Last month, Google announced Accelerated Mobile Pages, or AMP for short. A friend of mine who works at the Big G told me about it, but after reading the press release I still had no clue what it was or how it could help “speed up the web”. The non-technical definition is:

a new open framework built entirely out of existing web technologies, which allows websites to build light-weight webpages.

So apparently it’s fast. But what is it?

Turns out... it’s a lot like Bootstrap, re-booted.

How Bootstrap changed the web

Bootstrap made huge waves as being the first widely-adopted web framework that provided responsive design out of the box. No special tools were required. No special programming languages needed to be learned (it’s all just HTML/CSS/JavaScript). And best of all, it’s compatible with nearly every browser. Instant, easy, responsive design.

But while responsive design provides great design for the mobile web, it doesn't address performance.

Introducing AMP

AMP seeks to aid in design, but is mostly focused on performance. And how does it address performance: no custom JavaScript. As a web developer, you might cringe at that statement. As a user, you’ll be overjoyed.

It appears to be a dead simple framework — essentially a boilerplate HTML file with a single JavaScript file. This JavaScript file essentially does two things:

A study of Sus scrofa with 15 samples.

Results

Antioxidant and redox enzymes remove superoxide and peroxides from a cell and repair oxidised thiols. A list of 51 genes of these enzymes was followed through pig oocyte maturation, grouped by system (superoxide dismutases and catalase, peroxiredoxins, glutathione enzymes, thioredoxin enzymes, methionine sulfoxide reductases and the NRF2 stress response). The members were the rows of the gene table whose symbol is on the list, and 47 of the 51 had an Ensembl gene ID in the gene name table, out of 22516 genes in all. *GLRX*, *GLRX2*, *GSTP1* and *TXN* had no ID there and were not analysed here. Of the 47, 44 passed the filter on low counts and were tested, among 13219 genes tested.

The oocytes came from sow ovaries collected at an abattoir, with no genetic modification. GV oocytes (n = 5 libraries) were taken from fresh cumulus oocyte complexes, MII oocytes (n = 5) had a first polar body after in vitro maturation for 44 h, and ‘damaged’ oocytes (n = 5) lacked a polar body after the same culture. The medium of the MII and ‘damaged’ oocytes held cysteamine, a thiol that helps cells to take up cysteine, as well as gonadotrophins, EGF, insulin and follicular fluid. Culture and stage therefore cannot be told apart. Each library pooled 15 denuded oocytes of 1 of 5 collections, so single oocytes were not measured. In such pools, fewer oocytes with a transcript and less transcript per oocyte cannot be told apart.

1. Provides extended HTML attributes such as lightboxes, popups, and other things we normally rely on JavaScript to do.
  2. Disallows all other JavaScript.
So what you have is a very lightweight HTML file that’s guaranteed to load fast without all that render-blocking above-the-fold content. But still getting advanced web UI elements without the need of additional JavaScript.

Same ___ , Different ___ .

I’ll let you fill in the blanks. Essentially AMP is the same type of front-end framework that has become the norm. Whether it’s Bootstrap, HTML5 Boilerplate, or one of the many others that have become popular in the past few years.

AMP provides a clean, simple way to add features to HTML while reducing the amount of custom code and overhead previously required to obtain these extensions. All while providing a guide for how to design your web pages.

Essentially, this is Google’s subtle way of telling everyone their code is crap, and giving them a way to avoid writing it. Insulting as that may be, I’m ok with it. After all, the only good code is less code.